It’s a legend that has fascinated us for more than 80 years. On May 23, 1934, the infamous American criminals Bonnie Parker and Clyde Barrow were ambushed and shot to death by police in Bienville Parish, Louisiana.
Their lawless exploits of the previous few years, robbing stores, gas stations and banks, had already captured the attention of the American public. But the story of Bonnie & Clyde has resonated even more with passing generations. It combines a certain romantic mythology with a strong sense of justice, since the deaths of police officers and members of the public that they caused were avenged by their own violent end.
The chronicle of Parker and Barrow was told, with inevitable glamorization, in the 1958 movie The Bonnie Parker Story and again in 1967 by Bonnie & Clyde, starring Faye Dunaway and Warren Beatty. But our focus is on some of the countless musical interpretations of their legend.
One of the most memorable songs inspired by the pair arrived in early 1968, courtesy of two figureheads of French culture, Brigitte Bardot and Serge Gainsbourg. Its authenticity was heightened by the fact that the lyrics were based on an English poem called “The Trail’s End” by Parker herself, written as she sensed her impending fate, a few weeks before she and Barrow were killed.
The Bardot-Gainsbourg song inspired many later covers, by such as Mick Harvey of Nick Cave’s Bad Seeds; the alternative rock band Luna; Belinda Carlisle, in a French-language version from her Voila album, and even actress Scarlett Johansson, on From Lulu To Gainsbourg, the 2011 album by Serge’s son Lulu.
The 1967 movie also prompted a major UK hit for rhythm and blues-jazz star Georgie Fame. His “The Ballad of Bonnie & Clyde” was written by Mitch Murray and Peter Callandar after they’d been to see the film; Fame hadn’t seen it, but he recorded it in a flying visit to London while working in the north of England.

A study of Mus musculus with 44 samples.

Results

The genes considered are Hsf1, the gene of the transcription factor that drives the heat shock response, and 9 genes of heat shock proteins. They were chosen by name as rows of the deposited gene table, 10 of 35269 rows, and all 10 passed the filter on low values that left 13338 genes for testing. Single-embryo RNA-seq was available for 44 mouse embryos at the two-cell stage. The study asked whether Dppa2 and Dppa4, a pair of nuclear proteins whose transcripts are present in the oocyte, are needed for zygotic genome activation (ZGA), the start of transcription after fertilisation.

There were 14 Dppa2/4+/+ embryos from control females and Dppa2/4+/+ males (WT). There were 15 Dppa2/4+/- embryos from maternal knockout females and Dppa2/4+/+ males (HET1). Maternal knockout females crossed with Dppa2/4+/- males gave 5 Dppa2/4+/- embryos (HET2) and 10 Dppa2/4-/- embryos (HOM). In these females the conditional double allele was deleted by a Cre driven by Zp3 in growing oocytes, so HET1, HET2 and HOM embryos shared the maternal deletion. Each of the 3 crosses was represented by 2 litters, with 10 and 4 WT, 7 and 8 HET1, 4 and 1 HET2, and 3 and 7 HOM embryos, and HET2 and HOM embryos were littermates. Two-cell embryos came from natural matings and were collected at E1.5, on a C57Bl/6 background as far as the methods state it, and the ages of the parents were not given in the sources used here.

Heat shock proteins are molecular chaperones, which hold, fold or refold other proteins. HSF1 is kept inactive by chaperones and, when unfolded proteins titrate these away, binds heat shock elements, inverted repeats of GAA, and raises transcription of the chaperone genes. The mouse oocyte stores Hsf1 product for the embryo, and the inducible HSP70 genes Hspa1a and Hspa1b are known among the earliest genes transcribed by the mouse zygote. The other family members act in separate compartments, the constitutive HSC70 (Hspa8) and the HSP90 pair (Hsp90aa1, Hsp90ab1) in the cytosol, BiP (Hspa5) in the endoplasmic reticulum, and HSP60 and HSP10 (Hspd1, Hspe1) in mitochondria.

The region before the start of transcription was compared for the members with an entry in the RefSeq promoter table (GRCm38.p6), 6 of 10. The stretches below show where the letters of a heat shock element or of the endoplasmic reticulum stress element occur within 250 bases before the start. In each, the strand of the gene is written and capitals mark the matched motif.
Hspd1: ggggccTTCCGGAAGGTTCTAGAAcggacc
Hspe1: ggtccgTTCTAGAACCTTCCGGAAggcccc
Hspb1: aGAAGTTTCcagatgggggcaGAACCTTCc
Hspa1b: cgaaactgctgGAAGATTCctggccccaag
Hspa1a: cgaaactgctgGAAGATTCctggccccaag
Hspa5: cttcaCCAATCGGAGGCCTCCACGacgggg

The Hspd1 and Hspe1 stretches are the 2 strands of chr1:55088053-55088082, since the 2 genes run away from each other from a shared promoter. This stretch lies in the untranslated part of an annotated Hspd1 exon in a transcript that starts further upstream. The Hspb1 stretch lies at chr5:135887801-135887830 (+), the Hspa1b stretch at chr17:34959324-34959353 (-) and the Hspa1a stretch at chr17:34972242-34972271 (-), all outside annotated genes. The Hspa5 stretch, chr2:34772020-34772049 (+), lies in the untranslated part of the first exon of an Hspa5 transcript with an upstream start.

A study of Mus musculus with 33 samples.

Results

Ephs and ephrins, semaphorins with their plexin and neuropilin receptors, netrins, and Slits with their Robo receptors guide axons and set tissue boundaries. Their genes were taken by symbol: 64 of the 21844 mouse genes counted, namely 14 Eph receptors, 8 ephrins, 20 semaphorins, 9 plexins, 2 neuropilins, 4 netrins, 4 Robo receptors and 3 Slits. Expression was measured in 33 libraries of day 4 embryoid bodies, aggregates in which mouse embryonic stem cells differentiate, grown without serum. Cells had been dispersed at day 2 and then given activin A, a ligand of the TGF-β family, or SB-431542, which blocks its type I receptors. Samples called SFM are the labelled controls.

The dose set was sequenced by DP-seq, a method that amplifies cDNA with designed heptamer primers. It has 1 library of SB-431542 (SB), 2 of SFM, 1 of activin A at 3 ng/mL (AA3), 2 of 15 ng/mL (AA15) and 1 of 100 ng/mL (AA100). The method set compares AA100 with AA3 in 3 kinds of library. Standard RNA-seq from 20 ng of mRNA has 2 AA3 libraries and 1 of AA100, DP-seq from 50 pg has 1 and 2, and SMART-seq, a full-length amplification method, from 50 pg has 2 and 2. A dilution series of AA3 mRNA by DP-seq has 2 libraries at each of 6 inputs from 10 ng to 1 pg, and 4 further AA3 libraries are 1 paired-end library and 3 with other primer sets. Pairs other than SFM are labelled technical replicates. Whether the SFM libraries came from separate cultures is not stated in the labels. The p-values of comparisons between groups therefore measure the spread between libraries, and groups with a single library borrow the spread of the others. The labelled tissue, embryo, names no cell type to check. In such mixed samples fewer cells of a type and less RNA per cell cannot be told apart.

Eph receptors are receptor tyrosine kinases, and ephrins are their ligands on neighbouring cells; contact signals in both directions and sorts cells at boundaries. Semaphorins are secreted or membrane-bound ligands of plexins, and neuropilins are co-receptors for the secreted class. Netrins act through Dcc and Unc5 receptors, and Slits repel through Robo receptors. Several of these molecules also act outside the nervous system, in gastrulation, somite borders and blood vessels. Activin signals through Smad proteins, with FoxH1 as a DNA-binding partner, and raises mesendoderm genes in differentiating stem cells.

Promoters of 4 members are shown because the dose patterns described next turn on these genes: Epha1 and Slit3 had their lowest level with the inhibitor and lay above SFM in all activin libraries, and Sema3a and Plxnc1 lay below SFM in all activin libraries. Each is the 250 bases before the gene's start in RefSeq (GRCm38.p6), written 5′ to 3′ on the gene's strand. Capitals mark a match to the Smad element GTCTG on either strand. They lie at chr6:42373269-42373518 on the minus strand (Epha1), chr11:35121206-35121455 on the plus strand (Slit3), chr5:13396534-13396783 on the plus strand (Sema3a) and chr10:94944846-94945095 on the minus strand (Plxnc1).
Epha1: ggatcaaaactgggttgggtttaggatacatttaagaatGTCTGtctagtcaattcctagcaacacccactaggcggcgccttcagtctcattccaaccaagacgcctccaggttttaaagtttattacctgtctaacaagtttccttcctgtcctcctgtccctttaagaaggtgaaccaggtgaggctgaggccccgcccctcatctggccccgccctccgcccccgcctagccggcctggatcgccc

“They should have had a hit song [in the picture],” observed Murray, “so we thought we would write one.” Fame’s single entered the British charts just before Christmas that year and, at the end of January, became his third and final No.1 in his home country.
In 1968, the B&C songs kept coming. Easy listening master Mel Tormé wrote and sang “A Day in the Life of Bonnie and Clyde” for his album of the same name. Merle Haggard countrified the story with co-writer Bonnie Owens and, like Fame, scored a No.1 with it. “The Legend of Bonnie and Clyde” led the country charts for two weeks, Haggard’s fourth country chart-topper.
In 1997, no less a rap sensation than Eminem wrote “97 Bonnie & Clyde” with the Bass Brothers and made it part of his hugely successful major label debut album The Slim Shady LP. Re-recorded from the version he cut as “Just The Two Of Us” on his Slim Shady EP of 1997, it now featured the voice of Eminem’s daughter Hailie.
Two years later, Foxy Brown enlisted the help of Jay Z for her “Bonnie & Clyde (Part 2),” part of her Chyna Doll album, and so the inspiration has gone on. Country star Travis Tritt cut “Modern Day Bonnie and Clyde” on his Down The Road I Go album of 2000, and in 2013 another country notable, Kellie Pickler, recorded “Bonnie & Clyde” for her album The Woman I Am.
Among endless other compositions that continue to be inspired by the famous lawbreakers, trip-hop trailblazer Tricky took the couple’s title for a song on his 2013 release False Idols, and in 2017, Norwegian singer-songwriter Thomas Dybdahl included “Like Bonnie & Clyde” on his album The Great Plains. Parker and Barrow fought the law and, even if the law won, they live on in song.